Often I put one sentence on the board and ask students “What do you notice about this sentence?” Any answer about the structure is acceptable. Eventually one of the students will notice the particular grammar lesson I am trying to introduce. Very often it is also a review of other grammar structures.
These examples were taken from Everyday Editing by Jeff Anderson. However, I will often use a sentence from a text we recently read and follow the same format.
I showed the first sentence that students were to notice from the Commas in a Series Power Point (screen 2).
His room smelled of cooked grease, Lysol, and age.
As students identified various conventions, it provided an opportunity for review: ending punctuation, capital letters – first word of a sentence, name of a corporation, past tense, coordinating conjunctions, titles of books, authors, published date, etc.
Finally, when a student focused upon the commas, we discussed the reasons why commas were being used in this sentence
After the detailed discussion about the sentence presented, I show the same sentence with my sentence modeled after the original (screen 3). I explain that in order to improve our writing, we will be practicing some techniques that authors use in their writing.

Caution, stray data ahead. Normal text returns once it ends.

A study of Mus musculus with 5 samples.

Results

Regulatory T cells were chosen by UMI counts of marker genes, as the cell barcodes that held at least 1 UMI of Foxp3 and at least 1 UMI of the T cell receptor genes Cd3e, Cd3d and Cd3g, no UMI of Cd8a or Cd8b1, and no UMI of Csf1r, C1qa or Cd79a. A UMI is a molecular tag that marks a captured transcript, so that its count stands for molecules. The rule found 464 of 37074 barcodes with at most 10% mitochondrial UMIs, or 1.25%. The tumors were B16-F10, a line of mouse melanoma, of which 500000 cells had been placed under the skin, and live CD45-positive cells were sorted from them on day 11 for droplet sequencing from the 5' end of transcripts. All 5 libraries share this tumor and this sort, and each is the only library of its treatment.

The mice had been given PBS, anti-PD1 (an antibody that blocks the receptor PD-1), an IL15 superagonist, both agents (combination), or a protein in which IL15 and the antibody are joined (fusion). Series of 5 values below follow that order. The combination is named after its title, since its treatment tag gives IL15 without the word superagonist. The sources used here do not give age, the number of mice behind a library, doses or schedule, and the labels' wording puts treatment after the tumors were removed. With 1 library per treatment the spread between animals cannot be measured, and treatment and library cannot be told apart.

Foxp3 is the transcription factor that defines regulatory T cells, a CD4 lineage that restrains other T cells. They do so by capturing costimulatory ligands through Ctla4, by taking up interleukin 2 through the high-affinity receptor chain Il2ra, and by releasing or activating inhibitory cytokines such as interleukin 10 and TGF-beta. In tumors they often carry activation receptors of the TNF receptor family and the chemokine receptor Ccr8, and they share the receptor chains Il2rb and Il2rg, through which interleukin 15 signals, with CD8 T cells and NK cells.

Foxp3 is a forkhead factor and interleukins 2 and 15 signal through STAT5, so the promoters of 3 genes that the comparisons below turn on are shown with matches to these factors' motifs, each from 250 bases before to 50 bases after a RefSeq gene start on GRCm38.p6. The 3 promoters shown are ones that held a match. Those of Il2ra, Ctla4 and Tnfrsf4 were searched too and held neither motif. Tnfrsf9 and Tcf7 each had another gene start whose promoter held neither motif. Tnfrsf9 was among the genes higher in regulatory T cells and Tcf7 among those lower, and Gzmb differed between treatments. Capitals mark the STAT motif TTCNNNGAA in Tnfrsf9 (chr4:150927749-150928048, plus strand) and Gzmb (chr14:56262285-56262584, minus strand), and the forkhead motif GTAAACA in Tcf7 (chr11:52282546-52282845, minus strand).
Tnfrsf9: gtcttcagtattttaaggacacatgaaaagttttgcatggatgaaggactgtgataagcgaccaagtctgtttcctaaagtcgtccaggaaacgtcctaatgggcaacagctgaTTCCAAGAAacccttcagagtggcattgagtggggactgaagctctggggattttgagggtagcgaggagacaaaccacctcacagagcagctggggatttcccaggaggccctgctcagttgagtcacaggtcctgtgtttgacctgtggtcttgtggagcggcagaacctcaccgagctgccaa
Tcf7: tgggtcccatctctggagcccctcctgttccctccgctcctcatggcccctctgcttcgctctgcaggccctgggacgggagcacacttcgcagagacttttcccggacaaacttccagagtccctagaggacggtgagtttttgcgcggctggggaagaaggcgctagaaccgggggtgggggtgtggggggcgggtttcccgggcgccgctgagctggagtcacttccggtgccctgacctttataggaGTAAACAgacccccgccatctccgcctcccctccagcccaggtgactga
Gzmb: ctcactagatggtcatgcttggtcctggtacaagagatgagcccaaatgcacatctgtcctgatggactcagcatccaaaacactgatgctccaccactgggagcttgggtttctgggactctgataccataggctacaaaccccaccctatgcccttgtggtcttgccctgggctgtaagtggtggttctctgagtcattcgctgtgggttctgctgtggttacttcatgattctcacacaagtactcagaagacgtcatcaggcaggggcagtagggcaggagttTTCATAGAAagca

We have a short discussion how this is not plagiarism; it is a way for us to learn new styles of writing and become proficient in our writing.
I asked the class, “How do you know that I wrote the second sentence?” Soon some of the students realized that the sentence was not written using italics nor quotation marks, so it was my own creation.
We discussed how the smells were concrete nouns and abstract nouns. Then we went on to share the effect of using an abstract noun in their writing.
I challenged them to create a similar style sentence focusing upon smells including the abstract noun.
Next, I showed the class three separate but related sentences (screen 4) and asked them combine them using commas in a series.
Students shared their newly created sentences, of course, noting the punctuation used.
I explained that the ideas of the sentence were taken from one that an author had used in her novel; I showed them the original sentence (screen 5). Students were excited when their sentence matched the author’s. I spent time explaining that if you wrote it a different way, it was not wrong; it just happened to be a different format than the one used by Polly Horvath.
The concept of this next activity was taken from Common Core Grammar Toolkit by Sean Ruday
I asked students to take out the books that they were reading for SSR (Sustained Silent Reading). They were to locate an example of commas in a series used in their book, then copy the sentence on a sheet of paper, page number, and explain how effective the sentence is written in this manner.
Next, I asked them to deconstruct the sentence into three simple sentences. They wrote a response explaining the different effect the three simple sentences had versus the original sentence using commas in a series..
I asked students to share their observations within their small groups.
As a whole class, we shared some observations about the effect of a sentence written as three simple sentences versus the use of commas in a series.